19 April 2017

Uganda: Katikkiro Mayiga Distances Buganda From Land Evictions

Buganda Katikkiro (Prime Minister) Charles Peter Mayiga has distanced the kingdom from the ongoing evictions of people from land belonging to the cultural institution.

With various victims of evictions pointing accusing fingers at Buganda Land Board (BLB) and, most recently Enkuluze (royal treasury), Mayiga told yesterday's press conference at Bulange, Mengo laid the blame elsewhere.

"Some of those evictions are by people who have secured lease offers from [BLB] and the kingdom can't be held liable for their actions," Mayiga said.

The press conference was called to launch BLB's new campaign dubbed "A title for everyone." But Mayiga mostly fielded media queries about the conduct of kingdom officials charged with the management of the Kabaka's estates.

Mayiga tried to downplay the actions of some BLB officials, instead praising their performance. He also apportioned blame to kingdom land tenants for disregarding regulations. But as journalists cited examples of highhandedness by BLB officials, Mayiga promised that the kingdom would investigate their actions.

"An action by an individual staff of BLB cannot be blamed on the institution. They are not representatives of the kingdom. We are going to investigate and take action on those errant officials," he said.

Mayiga also claimed some of the backlash from the evictions was because of "some masqueraders claiming to be representatives of the kingdom," who extort money from the public.

THE PROBLEM

Land evictions have become a common phenomenon in Buganda due to what President Museveni has consistently blamed on the 1900 agreement that created a class of landowners and another of landless subjects who live at the mercy of the landlords.

Museveni's views on land ownership in Buganda have on different occasions strained relations between Mengo and the central government. The president tried to thaw relations in August 2013, with the signing of an agreement with the Kabaka that returned key property to the kingdom.

But the problem still persists in different parts of the kingdom, sometimes resulting in protests by the Kabaka's subjects against their king. On April 15, angry residents of Bugabo-Ddegeya village in Kalagala sub-county, Luweero district set on fire an excavator, which was being used to evict them from a 107-acre piece of land.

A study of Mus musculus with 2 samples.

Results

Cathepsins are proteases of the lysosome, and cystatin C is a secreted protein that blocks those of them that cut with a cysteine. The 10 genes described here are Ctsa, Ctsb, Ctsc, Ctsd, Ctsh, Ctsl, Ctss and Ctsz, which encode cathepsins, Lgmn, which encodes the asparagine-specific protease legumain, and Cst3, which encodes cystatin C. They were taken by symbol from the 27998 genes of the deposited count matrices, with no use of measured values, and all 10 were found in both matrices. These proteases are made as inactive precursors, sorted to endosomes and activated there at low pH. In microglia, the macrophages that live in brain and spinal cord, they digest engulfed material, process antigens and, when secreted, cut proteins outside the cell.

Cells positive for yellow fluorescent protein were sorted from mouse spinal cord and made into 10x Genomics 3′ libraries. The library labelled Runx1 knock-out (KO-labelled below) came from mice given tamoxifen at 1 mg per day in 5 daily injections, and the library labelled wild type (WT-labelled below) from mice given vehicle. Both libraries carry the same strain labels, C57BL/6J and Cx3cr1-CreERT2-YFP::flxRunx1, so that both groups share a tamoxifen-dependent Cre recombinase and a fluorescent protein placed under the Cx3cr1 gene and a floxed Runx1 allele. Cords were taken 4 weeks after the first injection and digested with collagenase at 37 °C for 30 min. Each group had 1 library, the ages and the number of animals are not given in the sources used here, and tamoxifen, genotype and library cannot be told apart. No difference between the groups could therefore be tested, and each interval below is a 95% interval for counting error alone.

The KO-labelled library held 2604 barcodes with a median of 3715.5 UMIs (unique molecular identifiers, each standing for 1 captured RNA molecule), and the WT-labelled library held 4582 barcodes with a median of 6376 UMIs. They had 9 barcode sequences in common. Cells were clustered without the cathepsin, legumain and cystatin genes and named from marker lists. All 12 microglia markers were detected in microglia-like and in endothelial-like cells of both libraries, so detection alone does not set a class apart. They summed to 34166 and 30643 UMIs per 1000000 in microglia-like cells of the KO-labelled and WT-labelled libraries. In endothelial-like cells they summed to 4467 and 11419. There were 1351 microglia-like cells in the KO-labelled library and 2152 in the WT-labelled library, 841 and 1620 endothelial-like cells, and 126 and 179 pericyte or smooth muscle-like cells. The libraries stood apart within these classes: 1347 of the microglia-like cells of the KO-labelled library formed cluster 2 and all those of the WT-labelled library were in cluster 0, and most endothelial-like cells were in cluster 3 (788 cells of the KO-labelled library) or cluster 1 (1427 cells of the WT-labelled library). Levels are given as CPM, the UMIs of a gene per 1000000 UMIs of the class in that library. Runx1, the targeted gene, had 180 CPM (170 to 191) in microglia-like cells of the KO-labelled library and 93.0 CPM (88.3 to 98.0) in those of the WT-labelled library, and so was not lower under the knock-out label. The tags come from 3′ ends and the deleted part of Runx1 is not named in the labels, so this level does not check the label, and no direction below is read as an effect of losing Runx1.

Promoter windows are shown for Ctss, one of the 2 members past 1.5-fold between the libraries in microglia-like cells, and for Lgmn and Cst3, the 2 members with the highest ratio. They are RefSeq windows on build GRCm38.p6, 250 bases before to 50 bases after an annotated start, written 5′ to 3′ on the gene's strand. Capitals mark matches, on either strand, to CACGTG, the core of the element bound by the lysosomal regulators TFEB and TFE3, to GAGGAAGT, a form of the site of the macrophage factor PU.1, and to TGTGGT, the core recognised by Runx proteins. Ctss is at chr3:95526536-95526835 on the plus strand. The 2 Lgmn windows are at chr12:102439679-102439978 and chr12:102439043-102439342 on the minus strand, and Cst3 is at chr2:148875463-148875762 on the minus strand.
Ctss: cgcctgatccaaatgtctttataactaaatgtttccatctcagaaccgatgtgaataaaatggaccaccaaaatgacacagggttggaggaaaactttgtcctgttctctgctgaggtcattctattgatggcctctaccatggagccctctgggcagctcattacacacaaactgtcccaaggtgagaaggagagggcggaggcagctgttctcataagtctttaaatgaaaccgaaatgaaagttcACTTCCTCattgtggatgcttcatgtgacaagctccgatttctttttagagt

Local reports indicated the aborted eviction was sanctioned by the Enkuluze, but Mayiga roundly refuted the claims.

"While it is true that that land is under the Enkuluze, it is not true that we [the kingdom] are the ones that sent the excavator. That land was leased to a private developer and he is the one who was carrying out the eviction," Mayiga said.

Asked why the kingdom leases out land with bonafide tenants, Mayiga said, "We can't lease land with registered tenants. That is why we ask all our tenants to register and secure their tenancy on Kabaka's land."

The Luweero incident came two weeks after Mengo officials demolished part of Busaabala beach, which belonged to singer Robert Kyagulanyi aka Bobi Wine.

TITLE FOR EVERYONE

To cement its relationship with compliant tenants, Mayiga announced the kingdom's plans to issue land titles to all those who are registered. The massive registration and survey exercise, which was launched in 2015, led to registration of more than 130,000 tenants.

"To us, this is an indication of the willingness of the tenants on Kabaka's land to verify ownership of the land they occupy and attests to the good relationship that the tenants have with the Kabaka," Mayiga said.

Mayiga said the directive will be effected over a period of six months, during which the tenants will acquire a 49-year lease offer regardless of the existing situations on ground.

"This will secure the tenancy of the hitherto bibanja holders, which eliminates the possibility of eviction at anytime," Mayiga said.